SAS executed Kevin Barry O’Donnell, Patrick Vincent, Peter Clancy and Seán O’Farrell rather than arrest them

British soldiers at the scene of the ambush. The vehicle used by the IRA volunteers can be seen on the far right of the image

Justice Treacy described the evidence of ‘Soldier A’, the soldier in charge of the SAS operation that night and who was involved in the killings, as ‘utterly implausible’

A NEW REPORT by Relatives for Justice into a British Army SAS ambush in 1992 that left four Tyrone IRA Volunteers dead says the men were killed in “a premeditated and pre-planned” attack when they could have been arrested instead.

The ambush that left Tyrone Volunteers Kevin Barry O’Donnell, Patrick Vincent, Seán O’Farrell and Peter Clancy dead was carried out by up to 12 SAS soldiers who lay in wait for the Volunteers at Clonoe, near Coalisland, in east Tyrone.

In all, the British soldiers fired 514 rounds in the shoot-to-kill operation.

The report, Ambush, Assassination and Impunity, was commissioned by the families of the dead men.

In their introduction, Relatives for Justice call on the international community to “assist the families’ struggle for justice”.

The central plank of the report is that the British Army and RUC had advance intelligence information that an IRA unit planned an attack on Coalisland RUC barracks on the night of Sunday 16 February 1992 at 10:45pm.

Clonoe reportThe report says:

“Documents disclosed at a preliminary inquest hearing clearly demonstrate that the [crown forces] had prior knowledge of the planned attack. This included the gun to be used and that it had been moved for this purpose from a different location in the county, including its whereabouts, prior to the attack.”

On the basis of this intelligence, the SAS and their superiors were planning their operation a full 36 hours before the ambush.

The report’s investigators quote from handwritten intelligence documents dated 15 February (the day before the ambush) that name two of the dead Volunteers. Kevin Barry O’Donnell and Patrick Vincent, as “IRA suspects” involved in attacks.

The same document states that British Intelligence operatives knew that the Russian-made Degtyarev heavy machine gun was to be driven to the Clonoe Chapel car park after the attack and dismantled.

The families maintain that with such in-depth intelligence it was easier for the British Army and RUC to mount an arrest operation rather than set the men up to be executed.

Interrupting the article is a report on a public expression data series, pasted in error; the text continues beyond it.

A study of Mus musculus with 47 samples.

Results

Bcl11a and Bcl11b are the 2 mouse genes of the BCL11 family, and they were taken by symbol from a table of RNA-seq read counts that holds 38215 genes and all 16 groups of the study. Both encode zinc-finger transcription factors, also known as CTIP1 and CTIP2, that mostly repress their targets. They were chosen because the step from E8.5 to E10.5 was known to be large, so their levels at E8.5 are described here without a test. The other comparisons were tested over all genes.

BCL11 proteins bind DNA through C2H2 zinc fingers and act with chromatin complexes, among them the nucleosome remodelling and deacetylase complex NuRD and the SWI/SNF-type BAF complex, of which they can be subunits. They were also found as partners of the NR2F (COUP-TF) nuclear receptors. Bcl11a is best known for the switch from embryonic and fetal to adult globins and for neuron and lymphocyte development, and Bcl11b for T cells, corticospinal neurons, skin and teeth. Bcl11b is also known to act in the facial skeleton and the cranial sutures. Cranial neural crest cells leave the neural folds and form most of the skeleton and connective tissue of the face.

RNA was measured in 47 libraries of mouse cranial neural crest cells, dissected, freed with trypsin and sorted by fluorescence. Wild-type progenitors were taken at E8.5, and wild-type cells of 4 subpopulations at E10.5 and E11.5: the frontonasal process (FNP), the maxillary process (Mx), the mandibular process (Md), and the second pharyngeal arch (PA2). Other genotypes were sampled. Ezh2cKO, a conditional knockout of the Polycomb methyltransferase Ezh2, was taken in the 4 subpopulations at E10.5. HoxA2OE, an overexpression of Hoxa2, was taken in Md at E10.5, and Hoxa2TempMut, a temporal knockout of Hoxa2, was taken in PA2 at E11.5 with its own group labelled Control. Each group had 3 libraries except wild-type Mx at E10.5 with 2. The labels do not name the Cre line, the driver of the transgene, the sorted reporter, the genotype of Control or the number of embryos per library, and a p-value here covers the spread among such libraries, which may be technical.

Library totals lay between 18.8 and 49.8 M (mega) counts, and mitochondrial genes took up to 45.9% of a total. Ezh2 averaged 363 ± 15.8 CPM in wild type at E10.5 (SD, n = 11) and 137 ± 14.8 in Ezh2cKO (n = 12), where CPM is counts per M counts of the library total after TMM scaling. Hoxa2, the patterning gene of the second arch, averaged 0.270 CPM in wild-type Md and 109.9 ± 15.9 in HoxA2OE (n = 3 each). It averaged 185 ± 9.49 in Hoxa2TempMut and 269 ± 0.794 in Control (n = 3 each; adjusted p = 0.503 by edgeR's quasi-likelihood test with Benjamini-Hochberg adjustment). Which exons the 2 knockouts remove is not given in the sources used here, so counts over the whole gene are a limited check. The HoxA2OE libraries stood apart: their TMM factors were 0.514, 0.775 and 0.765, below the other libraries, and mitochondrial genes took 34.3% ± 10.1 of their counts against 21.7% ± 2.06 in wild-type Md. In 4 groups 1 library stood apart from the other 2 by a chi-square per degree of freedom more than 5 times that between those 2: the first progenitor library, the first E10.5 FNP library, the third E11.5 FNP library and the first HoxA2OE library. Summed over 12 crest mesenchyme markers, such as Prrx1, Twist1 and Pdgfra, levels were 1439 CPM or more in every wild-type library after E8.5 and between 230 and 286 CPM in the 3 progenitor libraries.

Also revealed in the report is information from British Army Intelligence radio logs that O’Farrell’s and O’Donnell’s movements were being monitored. Indeed, O’Donnell was “clearly identified by undercover soldiers in Clonoe car park at 20:47 hours – two hours before the attack on the RUC station”.

Regular British Army and RUC patrols, as well as covert patrols not involved in the ambush, were ordered out of the SAS’s operational area around the RUC barracks and the ambush site.

The information obtained by Relatives for Justice gives a clear and consistent picture.

“There was ample opportunity for arrest of all of the men and the attack on the RUC station could have been avoided,” the report says. “The loss of life was undoubtedly avoidable.”

Clonoe 4 Volunteers

• SAS executed IRA Volunteers Kevin Barry O’Donnell, Patrick Vincent, Peter Clancy and Seán O’Farrell rather than arrest them

A ruling by the Belfast High Court in October 2011 has reinforced the families’ view that the Volunteers’ deaths were unjustified and unnecessary.

Justice Treacy ruled that the wounding of Aidan McKeever, one of two men wounded on the night as the Volunteers were killed, was not justified and awarded him compensation.

Outlining his judgement, Justice Treacy described the evidence of ‘Soldier A’, the soldier in charge of the operation that night and who was involved in the killings, as “utterly implausible”.

Treacy added he intended forwarding the transcripts of the proceedings to the coroner. Although the inquest into the men’s killings was opened in 2002, a full inquest has not taken place.

Speaking at the launch of the Relatives for Justice report last month, Kevin Barry O’Donnell’s sister, Roisin Uí Mhuirí, said she and the other relatives deserve to know what happened.

“It’s about finding out the truth. For 20 years they have refused to tell us the truth of what happened that night.

“This is going to eat away at us until we find out the truth.

“The British Government should hold up its hands.”